As spring approaches everything changes with our warm season lawns. A warm season lawn in great shape will slowly turn into a lovely green for the lucky homeowner. Many lawns will not look so lovely but might look like a jungle of various weeds and other unwelcome invaders. Weeds might invade small areas of the lawn initially, then spread to other parts of the entire lawn area. Catching up to a weed problem is not as simple as applying a weed and feed product from a garden center.
Our Clemson University HGIC site (Home and Garden Information Center) is filled with bulletins that can provide some direction on how to get weeds under control and restore your yard to a good turf. Bulletin HGIC 2310, Managing Weeds in Warm Season Lawns is a great homeowner information source. Good lawns require more than just mowing once per week during the warm months. Insect and disease can be troublesome if left unnoticed and untreated.
Some common problems that can negatively impact your lawns include insects, diseases, weed problems, shade issues and nutritional problems. Let’s take these items one at a time, starting with the last one, nutritional problems. The first step in providing correct nutrition to your lawn is looking at what nutrients are available in the soil with a soil test. You can stop by our office and pick up a soil sample bag, then follow the directions on the bag, or place the sample(s) in a zip-lock bag. You can also use a small plastic zip-lock bag to take different samples. Basically, take soil plugs 2-4 inches deep at 8-10 spots over the sample area in grass. If there are large differences across the lawn areas you should take several separate samples. You will need to know what turf you have to put on the form when you send it to the Clemson soil lab for analysis. If you don’t know you can bring in a small plug from the turf for ID. You can also pick up the weed bulletin mentioned above.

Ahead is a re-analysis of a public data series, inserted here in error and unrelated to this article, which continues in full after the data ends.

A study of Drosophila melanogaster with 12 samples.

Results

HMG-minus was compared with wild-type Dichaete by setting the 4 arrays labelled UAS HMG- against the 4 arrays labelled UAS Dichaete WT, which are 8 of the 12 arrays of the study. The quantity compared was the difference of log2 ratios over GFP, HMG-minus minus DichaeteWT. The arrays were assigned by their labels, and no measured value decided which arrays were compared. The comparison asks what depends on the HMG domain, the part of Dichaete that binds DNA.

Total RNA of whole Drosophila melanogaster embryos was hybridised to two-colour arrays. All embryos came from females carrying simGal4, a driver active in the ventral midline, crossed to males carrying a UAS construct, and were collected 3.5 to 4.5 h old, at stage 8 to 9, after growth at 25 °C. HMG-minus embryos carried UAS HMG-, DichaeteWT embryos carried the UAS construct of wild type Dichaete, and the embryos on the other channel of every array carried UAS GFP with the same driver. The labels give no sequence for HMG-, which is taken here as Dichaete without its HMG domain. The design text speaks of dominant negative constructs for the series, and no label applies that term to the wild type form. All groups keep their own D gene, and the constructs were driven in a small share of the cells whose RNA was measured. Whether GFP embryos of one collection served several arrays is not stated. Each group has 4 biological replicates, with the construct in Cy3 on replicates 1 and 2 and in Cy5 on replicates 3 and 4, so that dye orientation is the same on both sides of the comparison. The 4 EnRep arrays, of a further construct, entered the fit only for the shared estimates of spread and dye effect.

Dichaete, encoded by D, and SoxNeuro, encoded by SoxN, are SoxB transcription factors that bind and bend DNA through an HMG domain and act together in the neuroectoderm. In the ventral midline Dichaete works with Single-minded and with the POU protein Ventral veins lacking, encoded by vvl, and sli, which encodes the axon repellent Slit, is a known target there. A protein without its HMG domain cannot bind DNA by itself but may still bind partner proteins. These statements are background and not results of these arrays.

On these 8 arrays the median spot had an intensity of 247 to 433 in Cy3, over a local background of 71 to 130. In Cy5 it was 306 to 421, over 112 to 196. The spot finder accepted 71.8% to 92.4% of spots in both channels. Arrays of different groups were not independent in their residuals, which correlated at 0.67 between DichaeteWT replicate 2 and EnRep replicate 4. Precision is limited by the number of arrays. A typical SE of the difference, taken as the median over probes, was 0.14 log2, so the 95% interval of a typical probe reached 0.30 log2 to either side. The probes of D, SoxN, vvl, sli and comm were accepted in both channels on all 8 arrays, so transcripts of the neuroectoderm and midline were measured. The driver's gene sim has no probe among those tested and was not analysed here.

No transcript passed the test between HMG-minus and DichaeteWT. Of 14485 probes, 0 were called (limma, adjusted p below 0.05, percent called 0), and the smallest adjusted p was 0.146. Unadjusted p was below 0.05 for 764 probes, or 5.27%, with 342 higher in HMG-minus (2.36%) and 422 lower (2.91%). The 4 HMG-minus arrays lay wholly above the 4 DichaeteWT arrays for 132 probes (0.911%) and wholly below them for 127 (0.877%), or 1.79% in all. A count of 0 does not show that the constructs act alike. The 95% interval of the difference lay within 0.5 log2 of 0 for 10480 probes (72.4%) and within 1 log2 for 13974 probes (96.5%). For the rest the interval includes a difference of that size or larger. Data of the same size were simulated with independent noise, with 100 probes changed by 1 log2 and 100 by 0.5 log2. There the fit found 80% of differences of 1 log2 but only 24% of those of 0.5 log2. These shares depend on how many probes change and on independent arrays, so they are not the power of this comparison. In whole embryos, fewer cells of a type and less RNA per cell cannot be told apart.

You can monitor for spring diseases that sometime affect our warm season turf. Typically, these are large areas within green grass that are slow to or not greening up. We have bulletins with fungicide treatments and management changes to help control these problems on the HGIC site.
We have an upcoming program scheduled on home turf care listed below. Many people are now calling about turf problems and weed problems starting to show up. A good lawn is possible in our area, but regular management will improve your chances. Space is still available for the class so if your turf could use improvement, join us for the class. Call the number below to reserve a space.
The cost is $10 per person and includes bulletins and informational handouts. Pre-registering for all programs prior to class date is required to prepare handouts. Pay at the door. All programs held at the Extension Office at 105 N. Cambridge Ave.
Program date: Home Turf Management from 2-5 p.m. March 12.
Call our office to pre-register or with any questions at 864-223-3264.
James Hodges is a Clemson Extension agent in Greenwood County. He can be reached at 864-223-3264.